First Home Buyer Basics

June 2, 2019

Words by James Crabtree | Image credit Tony Cenicola

In my industry despite being comparably young to most other Finance Directors out there, I’ve gained some invaluable knowledge for first home buyers because that’s the age of most of my clients & I keep an eye out for any information that may help my client base and age group.

You can have $0 for  a deposit with a Guarantor

That’s right, you can contribute nothing to the purchase of your house & some lenders will lend up to 107% of the value of the property to cover stamp duty, LMI & settlement costs. Meaning your mum, dad, uncle or nana don’t need to contribute any money either just some of their equity in their house as security. Obviously a bank isn’t going to just lend you that money without a job, solid financial behaviour so don’t go out & tell your boss to F off.

No stamp duty if buying under 430k 

If you are a first home buyer, you get a concession from the government not to pay stamp duty up to 430K property price, with a discounted rate from 430K – 530K, then you are charged like any other person once you go above 530K. This isn’t pretty, for a 530K property you’ll be charged 20K in stamp duty.

Doesn’t have to be new to get 10k rebate

Generally speaking you’ll need to build or buy new to get the 10K First Home Buyers Grant, however not many realize you can buy a “substantially renovated” property & receive the 10K as well. The catch is, this property can’t have been lived in since the reno, the reno needs to have been a big one, not just the bedroom done up a bit.

If you are set on buying an apartment

With the amount of over supply in the Perth market especially but also in other cities, developers want them sold! So ask for them to fully furnish your apartment with new furniture/appliances for free & ask for a rebate which may help pay stamp duty.

They won’t generally drop their price for you to get a bargain because that drops the price of every apartment in that complex which hurts the valuations by the bank in the future. However the way to get a very good deal is by asking for these things as part of your offer.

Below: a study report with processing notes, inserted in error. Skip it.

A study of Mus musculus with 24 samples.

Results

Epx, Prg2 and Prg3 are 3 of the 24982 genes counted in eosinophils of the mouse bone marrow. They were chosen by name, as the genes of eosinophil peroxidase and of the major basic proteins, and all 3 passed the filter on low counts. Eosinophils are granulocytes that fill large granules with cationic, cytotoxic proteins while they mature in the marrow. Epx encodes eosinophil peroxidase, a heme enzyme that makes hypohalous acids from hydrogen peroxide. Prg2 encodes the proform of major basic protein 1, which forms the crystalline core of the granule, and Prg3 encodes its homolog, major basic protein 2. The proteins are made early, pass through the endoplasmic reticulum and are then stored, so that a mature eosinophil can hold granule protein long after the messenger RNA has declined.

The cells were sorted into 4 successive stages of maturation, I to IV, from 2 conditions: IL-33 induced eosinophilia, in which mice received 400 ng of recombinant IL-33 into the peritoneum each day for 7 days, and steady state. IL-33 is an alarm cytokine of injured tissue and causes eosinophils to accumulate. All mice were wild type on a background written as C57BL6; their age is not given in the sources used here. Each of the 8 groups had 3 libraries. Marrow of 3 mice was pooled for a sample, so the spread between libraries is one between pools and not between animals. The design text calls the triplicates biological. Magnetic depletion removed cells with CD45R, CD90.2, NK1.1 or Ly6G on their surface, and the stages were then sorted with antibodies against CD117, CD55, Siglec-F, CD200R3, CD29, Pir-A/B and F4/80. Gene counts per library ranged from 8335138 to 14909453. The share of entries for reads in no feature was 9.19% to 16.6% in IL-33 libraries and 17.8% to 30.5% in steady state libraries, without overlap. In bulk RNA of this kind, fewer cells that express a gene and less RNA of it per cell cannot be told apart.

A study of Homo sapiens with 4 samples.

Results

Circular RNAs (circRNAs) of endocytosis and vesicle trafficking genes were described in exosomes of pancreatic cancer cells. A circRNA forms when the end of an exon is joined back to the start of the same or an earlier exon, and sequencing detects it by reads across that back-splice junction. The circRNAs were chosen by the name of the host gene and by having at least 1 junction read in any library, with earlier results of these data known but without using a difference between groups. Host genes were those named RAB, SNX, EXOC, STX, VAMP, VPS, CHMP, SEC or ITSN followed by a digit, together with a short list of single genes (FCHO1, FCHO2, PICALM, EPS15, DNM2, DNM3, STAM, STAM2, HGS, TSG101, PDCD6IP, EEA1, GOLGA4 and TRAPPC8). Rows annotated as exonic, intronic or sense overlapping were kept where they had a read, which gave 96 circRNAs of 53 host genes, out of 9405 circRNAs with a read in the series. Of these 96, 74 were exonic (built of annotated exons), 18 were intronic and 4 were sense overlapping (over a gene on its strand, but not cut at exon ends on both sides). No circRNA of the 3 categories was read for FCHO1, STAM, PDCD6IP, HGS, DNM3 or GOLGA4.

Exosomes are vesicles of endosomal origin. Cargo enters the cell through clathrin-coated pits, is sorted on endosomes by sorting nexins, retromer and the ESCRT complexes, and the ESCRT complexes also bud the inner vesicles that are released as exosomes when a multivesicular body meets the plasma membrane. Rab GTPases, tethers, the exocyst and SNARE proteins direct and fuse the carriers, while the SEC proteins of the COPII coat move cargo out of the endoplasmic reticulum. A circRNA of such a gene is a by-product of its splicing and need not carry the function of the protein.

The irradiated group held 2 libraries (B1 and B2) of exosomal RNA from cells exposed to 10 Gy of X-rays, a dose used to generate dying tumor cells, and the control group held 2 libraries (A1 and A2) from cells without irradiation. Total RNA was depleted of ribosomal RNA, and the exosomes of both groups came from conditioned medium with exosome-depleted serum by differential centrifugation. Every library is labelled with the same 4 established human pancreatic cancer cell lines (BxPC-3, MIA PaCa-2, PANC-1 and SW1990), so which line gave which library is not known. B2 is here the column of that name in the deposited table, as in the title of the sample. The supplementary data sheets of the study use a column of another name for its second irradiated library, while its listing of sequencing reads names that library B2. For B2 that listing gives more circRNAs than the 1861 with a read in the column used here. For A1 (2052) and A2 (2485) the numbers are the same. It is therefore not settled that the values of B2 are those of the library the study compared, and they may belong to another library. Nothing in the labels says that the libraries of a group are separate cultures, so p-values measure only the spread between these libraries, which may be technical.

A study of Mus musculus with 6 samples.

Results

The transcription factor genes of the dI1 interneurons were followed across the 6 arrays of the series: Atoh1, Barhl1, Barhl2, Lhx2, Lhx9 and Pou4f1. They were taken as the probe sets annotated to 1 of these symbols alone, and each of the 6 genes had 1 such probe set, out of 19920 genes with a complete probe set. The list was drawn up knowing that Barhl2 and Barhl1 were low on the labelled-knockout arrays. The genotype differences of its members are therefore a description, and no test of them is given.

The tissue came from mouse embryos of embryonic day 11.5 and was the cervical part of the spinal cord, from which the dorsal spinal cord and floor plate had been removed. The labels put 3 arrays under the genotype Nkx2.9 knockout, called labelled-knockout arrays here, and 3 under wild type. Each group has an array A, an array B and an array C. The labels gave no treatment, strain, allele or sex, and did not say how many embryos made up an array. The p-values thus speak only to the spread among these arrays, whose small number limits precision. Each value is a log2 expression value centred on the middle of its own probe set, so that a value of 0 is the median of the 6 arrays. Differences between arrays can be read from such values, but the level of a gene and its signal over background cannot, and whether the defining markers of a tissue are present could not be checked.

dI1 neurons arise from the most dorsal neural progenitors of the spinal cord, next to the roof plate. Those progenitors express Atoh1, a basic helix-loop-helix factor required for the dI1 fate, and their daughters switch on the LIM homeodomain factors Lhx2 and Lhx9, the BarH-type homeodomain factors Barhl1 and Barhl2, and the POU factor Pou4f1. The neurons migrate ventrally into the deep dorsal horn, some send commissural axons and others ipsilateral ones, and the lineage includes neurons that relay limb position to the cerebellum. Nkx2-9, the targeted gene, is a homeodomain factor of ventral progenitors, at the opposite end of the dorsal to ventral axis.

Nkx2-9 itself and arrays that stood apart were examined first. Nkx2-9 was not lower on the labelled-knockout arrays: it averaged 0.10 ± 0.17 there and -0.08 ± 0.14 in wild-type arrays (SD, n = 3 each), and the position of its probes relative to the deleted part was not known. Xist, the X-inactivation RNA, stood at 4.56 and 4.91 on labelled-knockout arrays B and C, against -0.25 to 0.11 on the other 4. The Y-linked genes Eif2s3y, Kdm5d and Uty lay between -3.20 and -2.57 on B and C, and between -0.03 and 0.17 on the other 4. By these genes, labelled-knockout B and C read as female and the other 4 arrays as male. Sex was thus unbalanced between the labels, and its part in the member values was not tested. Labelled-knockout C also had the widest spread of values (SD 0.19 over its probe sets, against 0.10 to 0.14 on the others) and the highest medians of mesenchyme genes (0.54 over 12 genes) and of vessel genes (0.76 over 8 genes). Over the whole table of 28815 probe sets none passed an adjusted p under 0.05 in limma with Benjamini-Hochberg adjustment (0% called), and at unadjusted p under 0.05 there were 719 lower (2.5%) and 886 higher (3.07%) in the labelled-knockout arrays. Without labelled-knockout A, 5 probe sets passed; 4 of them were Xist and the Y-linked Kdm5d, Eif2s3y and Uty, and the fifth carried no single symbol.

Location does 80% of the heavy lifting

So this means close to the beach, close to the river or close to the city. Everyone’s budget is different & what drives your lifestyle will effect what area you buy in.

Look for gentrification in suburbs

This means those suburbs that did have state housing but they are now being sold off, coffee shops are starting to appear & young professionals are moving into the area. If you can buy in a gentrifying suburb you will see a much bigger lift in capital growth.

Land is king, not the house its on

If you are buying out in the new estates you may get a lot more land for that price, however your capital growth is going to be slower over time. Land closer to the city where there are no big estates being sold & land is scarce is the key for a smart purchase. Land is an appreciating asset, the house is a depreciating asset. With this in mind you should try to avoid the shiny new houses but look for the existing houses with some age behind them.

What is LMI? 

It is something the bank will tell you goes to insure them against you falling over & not being able to make the repayments. What it really is – a waste of money. You don’t receive any protection for this charge, so avoid it if possible, however unless you have a 20% deposit or a guarantor it’ll mean you have to add it to your loan.